I started my first business (financial consulting) in 1981 with meager savings, a wife and 2 small kids at home, and a relentless mortgage payment. I was scared. Even so, I spent a large chunk of my startup capital on professionally designed and printed stationery. Working out of a home office, it was important that I project an image of credibility and trustworthiness. And it worked! Prospects took me seriously and I managed to build a successful business.
Businesses, particularly service businesses, are as much about psychology as they are about products and prices. The reason I say this is because research has repeatedly shown that buyers make decisions based on how they feel, and then attempt to back up their decision with facts. Buyers want to feel good about doing business with your company. They expect good products and services but they also expect professionalism, integrity, cleanliness, a successful image, good communication and good organization.
Take a look at your image with fresh eyes, everything from logo and stationery to forms to your office carpet. Is it screamin’ small and cheap? Is it tired, stodgy, or dated? Or does it project energy, cutting edge, stability, efficiency? Is it saying: I’m ready to do business?
As a young accountant fresh out of college, with parents barely removed from the farm, I was something of a rube, a hayseed if you will. Nevertheless, I was brash and competitive and trying to make an impact on the business world. I didn’t know the ups and downs I would take along the way, but hey, that’s part of life.
Someone recommended the book Dress for Success by John Malloy. I got it, read it, and a light came on. If I expected others to see me as successful, I had to not only be the part, but look the part. After reading that book, I finally had the knowledge to dress appropriately.
Every contact with a client or prospective customer is an opportunity to make a statement about your business. For example, I went in a doctor’s office the other day and of course they gave me a multi-page form to complete. The form had been copied so many times that it was barely legible and was skewed 1/2” on the page. It made the clinic look CHEAP and made me feel that my information was not important.
“For good or ill, your conversation is your advertisement. Every time you open your mouth you let men look into your mind. Do they see it well clothed, neat, businesswise?” ~ Bruce Burton ~
Every form, phone call, invoice, delivery, email, website visit or other contact reinforces your company’s image, for better or for worse. How is your business being perceived? Small and cheap, large and impersonal, unprofessional or professional, disorganized or organized, technologically sophisticated, on a fast track, growing or stagnant, old fashioned, warm and friendly, sense of humor, expensive. Well, you get the idea.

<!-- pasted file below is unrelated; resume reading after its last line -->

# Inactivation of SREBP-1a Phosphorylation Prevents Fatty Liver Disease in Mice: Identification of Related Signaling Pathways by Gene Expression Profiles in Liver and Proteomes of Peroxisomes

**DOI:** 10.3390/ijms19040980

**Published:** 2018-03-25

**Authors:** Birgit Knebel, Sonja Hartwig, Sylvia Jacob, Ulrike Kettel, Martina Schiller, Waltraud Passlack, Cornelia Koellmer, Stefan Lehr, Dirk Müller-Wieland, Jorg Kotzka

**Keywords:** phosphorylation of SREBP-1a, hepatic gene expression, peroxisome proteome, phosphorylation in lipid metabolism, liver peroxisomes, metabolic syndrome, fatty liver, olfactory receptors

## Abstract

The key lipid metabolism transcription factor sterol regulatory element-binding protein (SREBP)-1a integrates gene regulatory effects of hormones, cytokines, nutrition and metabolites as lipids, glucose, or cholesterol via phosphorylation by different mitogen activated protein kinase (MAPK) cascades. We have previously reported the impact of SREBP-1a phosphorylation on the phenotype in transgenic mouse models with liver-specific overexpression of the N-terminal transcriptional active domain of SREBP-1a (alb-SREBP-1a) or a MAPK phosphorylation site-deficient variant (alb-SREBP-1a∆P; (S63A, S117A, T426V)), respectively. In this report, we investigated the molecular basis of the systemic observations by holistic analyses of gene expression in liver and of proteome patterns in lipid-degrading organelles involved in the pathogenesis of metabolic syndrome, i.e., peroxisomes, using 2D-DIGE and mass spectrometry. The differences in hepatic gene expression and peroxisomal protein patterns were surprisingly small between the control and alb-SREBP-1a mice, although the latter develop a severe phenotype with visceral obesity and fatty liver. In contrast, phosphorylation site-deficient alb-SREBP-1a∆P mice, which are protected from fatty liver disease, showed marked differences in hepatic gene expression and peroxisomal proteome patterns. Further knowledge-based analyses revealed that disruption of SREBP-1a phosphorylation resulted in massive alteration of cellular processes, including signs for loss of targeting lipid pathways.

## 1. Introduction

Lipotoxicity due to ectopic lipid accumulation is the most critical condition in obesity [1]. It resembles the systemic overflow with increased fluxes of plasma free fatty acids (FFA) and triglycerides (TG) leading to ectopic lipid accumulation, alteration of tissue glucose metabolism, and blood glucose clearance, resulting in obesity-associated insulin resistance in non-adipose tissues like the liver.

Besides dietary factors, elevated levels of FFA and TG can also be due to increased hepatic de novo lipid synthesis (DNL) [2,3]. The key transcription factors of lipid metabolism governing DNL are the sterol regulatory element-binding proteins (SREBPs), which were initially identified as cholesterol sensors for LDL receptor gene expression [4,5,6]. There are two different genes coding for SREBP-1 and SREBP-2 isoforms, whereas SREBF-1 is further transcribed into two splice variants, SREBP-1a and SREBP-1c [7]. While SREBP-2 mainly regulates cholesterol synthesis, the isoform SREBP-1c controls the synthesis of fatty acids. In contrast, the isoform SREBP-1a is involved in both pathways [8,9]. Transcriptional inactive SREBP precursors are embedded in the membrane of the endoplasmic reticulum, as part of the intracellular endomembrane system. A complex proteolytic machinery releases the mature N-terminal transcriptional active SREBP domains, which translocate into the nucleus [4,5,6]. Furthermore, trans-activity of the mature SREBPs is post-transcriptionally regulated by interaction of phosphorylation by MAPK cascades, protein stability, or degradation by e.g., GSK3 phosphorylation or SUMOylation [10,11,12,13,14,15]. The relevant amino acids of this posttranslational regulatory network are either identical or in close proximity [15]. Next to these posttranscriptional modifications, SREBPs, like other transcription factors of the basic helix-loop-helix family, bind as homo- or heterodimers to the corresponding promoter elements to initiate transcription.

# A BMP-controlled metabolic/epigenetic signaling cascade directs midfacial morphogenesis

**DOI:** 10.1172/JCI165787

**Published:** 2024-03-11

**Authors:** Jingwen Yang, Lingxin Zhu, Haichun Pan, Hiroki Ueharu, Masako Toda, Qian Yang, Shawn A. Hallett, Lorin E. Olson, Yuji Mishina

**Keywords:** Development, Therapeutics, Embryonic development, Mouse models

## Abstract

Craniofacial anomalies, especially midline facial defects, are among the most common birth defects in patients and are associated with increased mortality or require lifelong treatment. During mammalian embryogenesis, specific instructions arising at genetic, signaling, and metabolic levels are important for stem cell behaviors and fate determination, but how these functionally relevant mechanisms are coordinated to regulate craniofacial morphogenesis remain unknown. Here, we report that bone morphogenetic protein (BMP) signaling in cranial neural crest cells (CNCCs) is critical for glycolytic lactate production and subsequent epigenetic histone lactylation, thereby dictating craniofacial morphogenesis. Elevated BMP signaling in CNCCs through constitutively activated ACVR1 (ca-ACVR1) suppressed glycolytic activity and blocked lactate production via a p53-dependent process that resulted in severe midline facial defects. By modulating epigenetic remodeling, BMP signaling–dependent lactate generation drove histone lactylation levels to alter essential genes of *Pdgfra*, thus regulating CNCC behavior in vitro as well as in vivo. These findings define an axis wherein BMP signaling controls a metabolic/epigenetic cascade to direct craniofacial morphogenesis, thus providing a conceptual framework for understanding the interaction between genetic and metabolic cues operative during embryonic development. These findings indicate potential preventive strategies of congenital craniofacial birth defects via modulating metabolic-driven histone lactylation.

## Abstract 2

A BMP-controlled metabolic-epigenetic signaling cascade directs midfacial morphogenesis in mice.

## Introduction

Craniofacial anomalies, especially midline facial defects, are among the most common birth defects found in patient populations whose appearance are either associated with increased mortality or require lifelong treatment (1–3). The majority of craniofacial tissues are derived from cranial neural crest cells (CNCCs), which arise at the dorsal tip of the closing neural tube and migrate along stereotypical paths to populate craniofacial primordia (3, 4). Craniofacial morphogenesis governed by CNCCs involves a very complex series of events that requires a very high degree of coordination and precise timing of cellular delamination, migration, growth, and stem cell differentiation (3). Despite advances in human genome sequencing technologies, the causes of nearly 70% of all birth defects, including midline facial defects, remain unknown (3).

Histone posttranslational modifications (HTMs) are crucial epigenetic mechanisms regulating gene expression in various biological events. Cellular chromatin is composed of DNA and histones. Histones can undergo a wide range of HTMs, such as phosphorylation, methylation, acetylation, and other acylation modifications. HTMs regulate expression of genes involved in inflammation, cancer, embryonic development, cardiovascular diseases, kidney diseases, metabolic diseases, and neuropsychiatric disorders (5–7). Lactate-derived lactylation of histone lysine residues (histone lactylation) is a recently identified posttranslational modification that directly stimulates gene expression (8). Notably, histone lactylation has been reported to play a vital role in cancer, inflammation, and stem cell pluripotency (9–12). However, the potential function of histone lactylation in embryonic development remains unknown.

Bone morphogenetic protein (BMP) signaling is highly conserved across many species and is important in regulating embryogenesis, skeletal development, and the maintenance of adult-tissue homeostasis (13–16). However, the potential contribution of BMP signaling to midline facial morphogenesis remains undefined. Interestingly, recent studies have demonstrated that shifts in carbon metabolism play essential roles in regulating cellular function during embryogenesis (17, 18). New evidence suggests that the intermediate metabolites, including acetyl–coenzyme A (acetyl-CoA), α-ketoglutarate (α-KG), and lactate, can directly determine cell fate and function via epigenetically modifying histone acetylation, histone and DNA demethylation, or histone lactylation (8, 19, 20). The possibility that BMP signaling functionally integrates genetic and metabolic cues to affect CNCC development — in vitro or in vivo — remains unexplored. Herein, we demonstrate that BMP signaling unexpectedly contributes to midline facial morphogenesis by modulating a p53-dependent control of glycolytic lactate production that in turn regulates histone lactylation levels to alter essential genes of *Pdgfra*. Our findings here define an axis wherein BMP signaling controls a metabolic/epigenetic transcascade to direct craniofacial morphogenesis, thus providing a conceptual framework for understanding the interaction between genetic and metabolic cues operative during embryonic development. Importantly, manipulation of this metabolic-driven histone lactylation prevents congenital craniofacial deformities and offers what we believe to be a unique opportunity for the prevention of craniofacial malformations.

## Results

Particularly important is that first contact where the recipient will, very quickly and very subjectively, slide you into a category. If you are involved in developing new business for your company you know how difficult it is to overcome any first-contact negatives. First impressions do make lasting impressions- remember that.
Checklist for written communication:
“The shape of your sign, your logo, the type style used on your business cards will have a significant impact on sales whether you care to think about it or not!” ~The E Myth Revisited by Michael Gerber~
The starting point for written communication is your logo and stationery layout. Amateurish design is painfully obvious so please consult a professional graphic designer. They should show you a number of ways to graphically tell the story of your business in a visually interesting way. A logo might be out-of-date due to old-fashioned design or possibly due to a change in objectives of the business.
Take a fresh look (or have a graphics professional take a look) at every form, brochure, e-mail, or any electronic or paper communication used in your business. Make sure they are accurate, professionally designed, and a positive reflection on your business.
Grammatical and spelling errors are pet peeves with me, and I suspect many others. We often call to double check spelling of the recipient’s name before we mail (or e-mail) correspondence. Spell checkers are painless and anyone that doesn’t use them should be bludgeoned.
Thanks for taking the time to read my blog. Until next time, Gerald.